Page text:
Toyota President Outlines Action Plans for Automotive Energy Diversity and Lowering Carbon Footprint
Toyota Motor Company (TMC) President Katsuaki Watanabe outlined the company’s new action plans in the areas of research and development, manufacturing and social contribution for promoting energy diversity in automobiles and reducing its carbon footprint.
Hybrid drive technology remains a core strategic element for Toyota, but Watanabe briefly touched on a number of other powertrain and fuel initiatives that Toyota is undertaking, ranging from short-term efficiency gains in gasoline engines to the longer-term focus in areas such as hydrogen and successors to lithium-ion battery technology. These initiatives include:
Packaging and weight. TMC is working on initiatives to reduce vehicle size and weight. The iQ, planned for launch this year, seats four people in a body less than three meters long.
Gasoline engines. Average fuel efficiency for new Toyota vehicles sold in Japan rose by approximately 28% in the 10 years from 1997 to 2007. TMC will introduce new 1.3-liter and 2.5-liter engines in 2008. The new 1.3-liter gasoline engine is equipped with the newly developed Toyota Stop&Start System. By the end of 2010 TMC will complete the transition to a new series of highly efficient engines and transmissions.
Transmissions. While continuing to advance multi-stage automatic and continuously variable transmissions, TMC will introduce an efficient compact six-speed manual transmission in the fall of 2008.
Hybrid Vehicles. TMC is working to further reduce the size, weight and cost of motors, inverters, batteries and other hybrid system components. In addition to already producing hybrid vehicles in China and the United States, TMC recently decided to produce hybrid vehicles in Thailand and Australia.
Ethanol. In 2006, TMC adapted all of its vehicles sold worldwide to E10 fuel and in May 2007 introduced flexible-fuel Corolla models in Brazil that can run on E100. TMC will introduce the E85-compatible flexible-fuel Tundra and Sequoia in North America in 2008.
Electricity (Plug-in Hybrid Vehicles/Electric Vehicles). Toyota reaffirmed that by 2010, it will introduce a plug-in hybrid vehicle equipped with a lithium-ion battery, geared toward fleet customers in Japan, United States and Europe. TMC also plans to accelerate development of small electric vehicles for mass production.
Battery R&D and Production. TMC is establishing this month a battery research department to advance the development of a next-generation battery that can outperform a lithium-ion battery. Panasonic EV Energy Co., Ltd., a joint venture TMC established with the Matsushita Group that is conducting joint research on batteries for use in automobiles, will commence limited production of lithium-ion batteries in 2009, moving into full-scale production in 2010.
Hydrogen (Fuel Cell Hybrid Vehicle or FCHV). The Toyota FCHV-adv (earlier post), the latest version of its fuel cell hybrid, received vehicle-type certification from Japan’s Ministry of Land, Infrastructure and Transport on 3 June. The FCHV-adv features a 25% improvement in fuel efficiency, and, through the use of TMC-developed 70 Mpa high-pressure hydrogen storage tanks, has a single-fill-up cruising range of approximately 830 km (in the 10-15 Japan test cycle; 760 km in the JC08 test cycle; as measured by TMC), which is more than twice the cruising range of its predecessor, the FCHV.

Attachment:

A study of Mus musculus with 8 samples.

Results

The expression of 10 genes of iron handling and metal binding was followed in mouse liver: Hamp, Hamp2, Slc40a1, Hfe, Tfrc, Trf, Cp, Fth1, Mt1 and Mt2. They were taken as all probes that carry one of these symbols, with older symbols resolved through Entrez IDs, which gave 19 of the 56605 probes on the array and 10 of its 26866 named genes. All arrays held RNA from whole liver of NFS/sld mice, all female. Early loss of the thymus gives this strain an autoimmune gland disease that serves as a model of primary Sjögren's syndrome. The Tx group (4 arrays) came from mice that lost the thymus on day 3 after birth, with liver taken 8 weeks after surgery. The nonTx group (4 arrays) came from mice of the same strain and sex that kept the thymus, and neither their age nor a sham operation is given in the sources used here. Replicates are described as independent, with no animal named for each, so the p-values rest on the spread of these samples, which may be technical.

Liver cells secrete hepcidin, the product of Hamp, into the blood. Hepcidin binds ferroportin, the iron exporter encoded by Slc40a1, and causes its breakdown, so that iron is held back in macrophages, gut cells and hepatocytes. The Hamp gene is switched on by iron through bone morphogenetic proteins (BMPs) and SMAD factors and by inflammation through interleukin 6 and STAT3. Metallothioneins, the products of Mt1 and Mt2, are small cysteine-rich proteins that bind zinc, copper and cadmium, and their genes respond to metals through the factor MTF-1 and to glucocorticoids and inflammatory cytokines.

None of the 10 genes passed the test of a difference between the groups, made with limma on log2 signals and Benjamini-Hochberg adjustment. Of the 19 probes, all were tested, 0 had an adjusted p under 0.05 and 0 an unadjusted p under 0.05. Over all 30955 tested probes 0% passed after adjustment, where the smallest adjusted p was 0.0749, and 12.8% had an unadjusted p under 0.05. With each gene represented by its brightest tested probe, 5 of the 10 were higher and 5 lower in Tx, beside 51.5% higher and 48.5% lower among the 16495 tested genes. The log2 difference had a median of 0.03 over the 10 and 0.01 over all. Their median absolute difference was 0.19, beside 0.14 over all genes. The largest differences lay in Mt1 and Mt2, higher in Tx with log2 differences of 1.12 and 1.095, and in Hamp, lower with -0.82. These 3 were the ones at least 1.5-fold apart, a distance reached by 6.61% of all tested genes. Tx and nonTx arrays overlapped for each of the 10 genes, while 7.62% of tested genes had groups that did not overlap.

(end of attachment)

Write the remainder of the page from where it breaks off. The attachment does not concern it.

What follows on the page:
Watanabe said that Toyota is steadily overcoming the technological hurdles associated with fuel cell vehicles and will focus next on solving problems related to maintaining reliability and reducing costs.
Alternative Fuels. TMC is researching the production of cellulosic ethanol via fermentation by yeast. The company is also conducting joint research with Nippon Oil Corporation on high-concentration bio-hydrofined diesel (BHD) as a bio-fuel alternative to petroleum-based diesel. So far, the research has led to vast improvement in the oxidative stability of BHD, enabling the fuel to perform on par with conventional diesel.
Toyota is also conducting research on biomass-to-liquid (BTL), which is derived from the syngas resulting from the gasification of all types of biomass, including cellulose.
Watanabe said that automotive technology alone will not solve global warming and energy-related issues; it is also essential to address these issues throughout society, taking into consideration the actions of drivers and the state of the transport infrastructure.
In terms of infrastructural development in Japan, TMC is working with various government ministries to improve traffic flow by reducing traffic congestion. One potential method for accomplishing this is to find practical applications for the Probe Communication Traffic Information System, which gathers traffic information and provides drivers with specifically tailored driving information.
As one way to support environmentally considerate driving, TMC will increase the number of vehicle series equipped with the Eco Driving Indicator, which lights up when the vehicle is being operated in a fuel-efficient manner, and with the Eco Driving Mode Switch, which puts the vehicle in an energy conserving mode by monitoring and controlling such functions as gear-shift timing and air conditioner settings.
TMC is reducing CO2 emissions from its production activities, based on its Fourth Toyota Environmental Action Plan (2006 to 2010). Because TMC has already achieved its original 2010 targets, it has set new targets and strengthened its approach.